By Jeanne D’Arcy, Mid-City Messenger
A decade ago, the control junction box for the traffic light at Tulane Avenue and the newly renamed Norman Francis Parkway was tagged and covered with graffiti. The ground around it was strewn with litter. That all changed after the junction box became an art box, featuring a blues guitarist.
It celebrates Tulane Avenue as the starting point of U.S. Route 61, known as the “blues highway” because of its close association with blues songs and artists.
The first of 40 such art boxes in Mid-City, it was painted by Juan Pablo Calle, one of the artists working with Community Visions Unlimited, the local nonprofit spearheading the painted utility boxes as part of the post-Katrina renewal. Originally from Colombia, Calle has a number of other art boxes to his credit around town.
Calle has already repainted the Blues Highway box, said Emily Leitzinger, who worked with CVU while a Mid-City Neighborhood Organization board member.
Mid-City was the second neighborhood to see its utility boxes become works of art. Leitzinger was on a team to identify the boxes that they hoped to have painted. “I think now all 40 or so have been painted,” she said.
A neighborhood partnership of MCNO and the Mid-City Business Association helped raise money for the art boxes through fundraisers such as the annual Mid-City porch crawl.
“They provide a big impact in a small package,” MCNO president Chris Blum said of the art boxes, “by camouflaging rigid infrastructure with local creativity and skilled artistry.” He added that MCNO hopes to maintain the junction boxes and identify more in the future.
Down Norman Francis Parkway at Banks Street is a work by Linda LeBoeuf, who has painted 39 art boxes throughout the metro area. Usually known for her portraits, such as the Leah Chase box on Orleans Avenue, in this case she did portraits of flamingos.
Another artist who has beautified Mid-City is painter Robin Daning. After hearing CVU founder Jeannie Tidy on the radio, she contacted Community Visions Unlimited. “I had relocated to New Orleans and knew I wanted to give back, to thank my adopted city,” Daning said, “and this seemed just the way to do it.”
Daning has painted 14 art boxes, including the two tiger boxes paying tribute to LSU in the medical corridor. The tigers flank the University Medical Center, one at North Galvez Street and Tulane and the other at North Galvez and Canal Street. They are similar looking, but the tigers face in different directions.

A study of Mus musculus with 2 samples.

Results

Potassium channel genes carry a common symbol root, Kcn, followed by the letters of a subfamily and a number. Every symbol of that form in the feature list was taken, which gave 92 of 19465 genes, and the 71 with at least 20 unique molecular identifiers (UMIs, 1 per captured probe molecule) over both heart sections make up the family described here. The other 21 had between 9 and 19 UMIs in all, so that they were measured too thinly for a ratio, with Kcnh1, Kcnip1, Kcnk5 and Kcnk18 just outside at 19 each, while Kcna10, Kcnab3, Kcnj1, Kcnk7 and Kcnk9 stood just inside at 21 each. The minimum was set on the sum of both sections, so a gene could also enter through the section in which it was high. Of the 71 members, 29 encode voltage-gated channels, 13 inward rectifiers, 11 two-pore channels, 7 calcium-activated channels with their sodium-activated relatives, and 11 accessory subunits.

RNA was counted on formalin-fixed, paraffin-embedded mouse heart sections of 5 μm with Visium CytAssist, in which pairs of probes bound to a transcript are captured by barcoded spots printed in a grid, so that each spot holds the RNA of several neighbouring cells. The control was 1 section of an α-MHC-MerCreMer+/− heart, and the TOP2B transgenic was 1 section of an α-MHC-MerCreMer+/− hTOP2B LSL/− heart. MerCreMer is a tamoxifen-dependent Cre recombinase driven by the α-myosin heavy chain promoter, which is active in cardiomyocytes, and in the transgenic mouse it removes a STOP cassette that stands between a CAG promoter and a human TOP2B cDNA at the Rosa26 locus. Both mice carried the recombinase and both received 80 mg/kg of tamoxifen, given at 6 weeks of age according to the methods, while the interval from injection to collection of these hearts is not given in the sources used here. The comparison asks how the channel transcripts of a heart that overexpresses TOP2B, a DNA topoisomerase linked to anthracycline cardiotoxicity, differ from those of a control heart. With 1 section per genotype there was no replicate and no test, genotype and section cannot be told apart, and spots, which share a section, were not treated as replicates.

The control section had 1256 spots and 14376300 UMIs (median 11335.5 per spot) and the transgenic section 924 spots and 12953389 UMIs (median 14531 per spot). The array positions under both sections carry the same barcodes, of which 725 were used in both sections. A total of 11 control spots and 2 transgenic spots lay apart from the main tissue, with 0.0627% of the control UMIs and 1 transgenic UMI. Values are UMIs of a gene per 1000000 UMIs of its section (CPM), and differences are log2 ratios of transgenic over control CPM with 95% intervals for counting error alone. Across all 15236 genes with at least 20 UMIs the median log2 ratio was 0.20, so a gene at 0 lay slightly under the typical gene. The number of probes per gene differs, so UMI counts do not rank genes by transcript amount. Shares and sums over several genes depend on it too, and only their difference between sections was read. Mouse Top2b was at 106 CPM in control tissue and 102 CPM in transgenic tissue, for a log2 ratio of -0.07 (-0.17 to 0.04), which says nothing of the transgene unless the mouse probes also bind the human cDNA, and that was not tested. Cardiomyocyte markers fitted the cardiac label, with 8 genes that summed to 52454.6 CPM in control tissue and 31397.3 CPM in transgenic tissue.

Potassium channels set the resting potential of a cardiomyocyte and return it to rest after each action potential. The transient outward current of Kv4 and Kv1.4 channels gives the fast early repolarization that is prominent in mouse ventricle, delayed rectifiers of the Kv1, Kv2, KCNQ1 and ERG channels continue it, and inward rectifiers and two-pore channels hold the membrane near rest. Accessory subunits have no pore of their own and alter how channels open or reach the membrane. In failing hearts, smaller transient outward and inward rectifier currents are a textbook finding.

“When I am painting, people roll down the their windows and yell ‘thank you!’ It is so rewarding,” Daning said.
She encourages her fellow artists to apply to the program because she believes that different styles will only make it better.
Tidy, the founder of CVU, started the art box project in the devastated Lakeview neighborhood after Katrina to beautify the area and to lift people’s spirits, as well as promote rebuilding and economic development.
She initially sought permission from the Department of Public Works but was directed to the neighborhood associations to get their blessings. So with the help of then-Councilwomen LaToya Cantrell and Susan Guidry, along with Denise Thornton of Lakeview nonprofit Beacon of Hope, Tidy went to work.
This project has now grown to more than 200 in New Orleans, with more than a dozen others in the outlying suburbs. “Our goal really is to have every one in the city painted,” Tidy said.
Each box costs $750 to paint, Tidy said. Artists are paid a stipend of $300, according to the CVU website. Any local artist over age 18 may submit an application to register.
Once the utility box to be painted is identified, the registered artists are notified and given the location and the neighborhood’s wishes and design ideas.
The proposals are reviewed by a panel consisting of two art experts and a neighborhood representative who selects the artist. The review process is blind, that is no one knows the identity of the artists who are submitting proposals.
The selected artist receives a paint kit from Helm Paint, a project sponsor. They also receive a mini box — a replica of the actual junction box that they paint with the identical design. These mini boxes are auctioned off in competitive bidding to raise money for the project.
“Sadly we could not hold our event last year due to the pandemic,” Tidy said, “but despite that, we held on online version and did mange to raise a respectable amount of funds.” But like most other nonprofits, revenues are definitely down.
Community Visions Unlimited has raised over $100,000 to pay the artists, purchase paint supplies and maintain the art boxes. And they are continuing to beautify Mid-City and to make those junction boxes look interesting.
And happily, the graffiti and the litter they once attracted is no longer an issue.